Abhinav Bindra Differs On Gold
What he said:
I once got yak milk from China because I was told it enhances concentration. It didn’t. I attached electrodes to my head to view the activity in my brain when I shot well. I lasered off my love handles. Let’s be clear: We’re not you. We’re not better than you, or other athletes, just caught in lives mostly weirder than most.
Abhinav Bindra, India’s first ever gold medallist—at the 2008 Beijing Olympics—in an individual Olympic event recounts the myriad attempts at securing that little bit extra, that edge, that would separate him from his competitors—make him a better shooter.
Bindra’s autobiography, “A Shot At History”, is to be released on October 28, 2011.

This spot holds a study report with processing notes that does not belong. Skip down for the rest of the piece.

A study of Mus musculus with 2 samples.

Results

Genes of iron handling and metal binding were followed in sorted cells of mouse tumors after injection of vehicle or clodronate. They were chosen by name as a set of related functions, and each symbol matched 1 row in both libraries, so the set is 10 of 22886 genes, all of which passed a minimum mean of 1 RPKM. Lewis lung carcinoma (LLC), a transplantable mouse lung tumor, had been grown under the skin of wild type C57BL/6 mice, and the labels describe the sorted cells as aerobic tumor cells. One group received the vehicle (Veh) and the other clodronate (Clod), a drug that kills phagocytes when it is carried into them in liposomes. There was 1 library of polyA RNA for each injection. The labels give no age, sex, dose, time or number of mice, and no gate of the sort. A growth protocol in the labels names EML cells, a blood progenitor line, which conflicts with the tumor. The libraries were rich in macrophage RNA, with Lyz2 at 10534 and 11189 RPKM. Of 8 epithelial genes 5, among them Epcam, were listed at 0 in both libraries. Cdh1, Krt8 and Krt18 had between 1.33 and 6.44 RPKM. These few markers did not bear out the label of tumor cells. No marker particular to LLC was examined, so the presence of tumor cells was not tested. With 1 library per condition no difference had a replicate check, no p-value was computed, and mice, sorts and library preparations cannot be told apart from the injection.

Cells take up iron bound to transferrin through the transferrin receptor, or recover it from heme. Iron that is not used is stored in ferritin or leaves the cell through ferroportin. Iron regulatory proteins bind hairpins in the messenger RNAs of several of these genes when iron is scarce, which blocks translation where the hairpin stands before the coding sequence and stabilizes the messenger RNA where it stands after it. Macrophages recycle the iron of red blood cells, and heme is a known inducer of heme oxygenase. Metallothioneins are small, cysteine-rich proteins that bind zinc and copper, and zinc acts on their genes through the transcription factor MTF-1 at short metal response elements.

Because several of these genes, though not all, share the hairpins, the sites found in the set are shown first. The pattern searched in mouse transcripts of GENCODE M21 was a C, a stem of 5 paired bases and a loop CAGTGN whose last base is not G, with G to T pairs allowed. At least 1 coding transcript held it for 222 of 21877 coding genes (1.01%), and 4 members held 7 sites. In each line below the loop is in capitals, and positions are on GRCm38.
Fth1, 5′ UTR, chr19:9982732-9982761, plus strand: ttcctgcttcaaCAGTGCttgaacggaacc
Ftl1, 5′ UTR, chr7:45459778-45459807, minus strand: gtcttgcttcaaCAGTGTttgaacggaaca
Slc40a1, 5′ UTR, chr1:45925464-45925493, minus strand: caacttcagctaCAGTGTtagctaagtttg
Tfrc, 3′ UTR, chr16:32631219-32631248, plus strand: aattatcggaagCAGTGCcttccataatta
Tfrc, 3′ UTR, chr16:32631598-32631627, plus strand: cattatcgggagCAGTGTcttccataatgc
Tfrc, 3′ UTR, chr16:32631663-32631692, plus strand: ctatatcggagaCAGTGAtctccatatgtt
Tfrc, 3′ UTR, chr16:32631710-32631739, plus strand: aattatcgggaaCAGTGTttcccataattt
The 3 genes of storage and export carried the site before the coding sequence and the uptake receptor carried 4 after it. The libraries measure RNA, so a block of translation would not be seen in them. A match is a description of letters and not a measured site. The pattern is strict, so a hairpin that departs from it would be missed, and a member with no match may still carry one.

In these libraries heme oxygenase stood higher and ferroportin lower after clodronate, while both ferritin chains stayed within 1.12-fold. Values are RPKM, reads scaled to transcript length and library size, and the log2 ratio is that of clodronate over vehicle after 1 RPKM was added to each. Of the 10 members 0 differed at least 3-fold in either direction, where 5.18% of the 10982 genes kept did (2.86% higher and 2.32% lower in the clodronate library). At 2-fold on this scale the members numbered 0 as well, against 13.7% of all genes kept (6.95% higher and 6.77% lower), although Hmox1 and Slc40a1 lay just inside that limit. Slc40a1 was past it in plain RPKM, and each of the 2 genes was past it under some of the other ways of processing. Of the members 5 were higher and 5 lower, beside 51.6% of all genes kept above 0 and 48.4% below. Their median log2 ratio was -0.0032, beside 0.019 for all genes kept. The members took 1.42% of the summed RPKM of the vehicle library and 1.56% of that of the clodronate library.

The 260-page book, co-written with journalist and sports writer, Rohit Brijnath, is published by HarperCollins.
We have to be a little insane to do this, a trifle obsessive, almost as single-minded as shaven monks who sit for years meditating under trees in search of distant nirvana.
Of the fateful evening the day before he clinched his historic medal, Bindra says:
The mission, whose worth would be evaluated tomorrow…butterflies tango in the stomach.
The answer was a McDonalds meal and a long walk. I am too wired to sleep, but then I have already practiced going without sleep. I stand in my balcony at 3 am and look out into the dark nothingness, another athlete swallowing his fear in this dormitory of the strange and the gifted.
I felt the pressure of the Olympics, as if a nervous breakdown was imminent, and I carried it (a miniature bottle of Jack Daniels) with me. Now, on this sleepless night, I retrieve it from my toilet kit, I twist it open, empty it into my nervous stomach. As if it is an antidote to everything that assails me.
Bindra slept just an hour that night.
What he really meant:
“Obsession—-thy name is gold.”
What he definitely didn’t:
“The book’s merely yakkety-yakkety-yak.”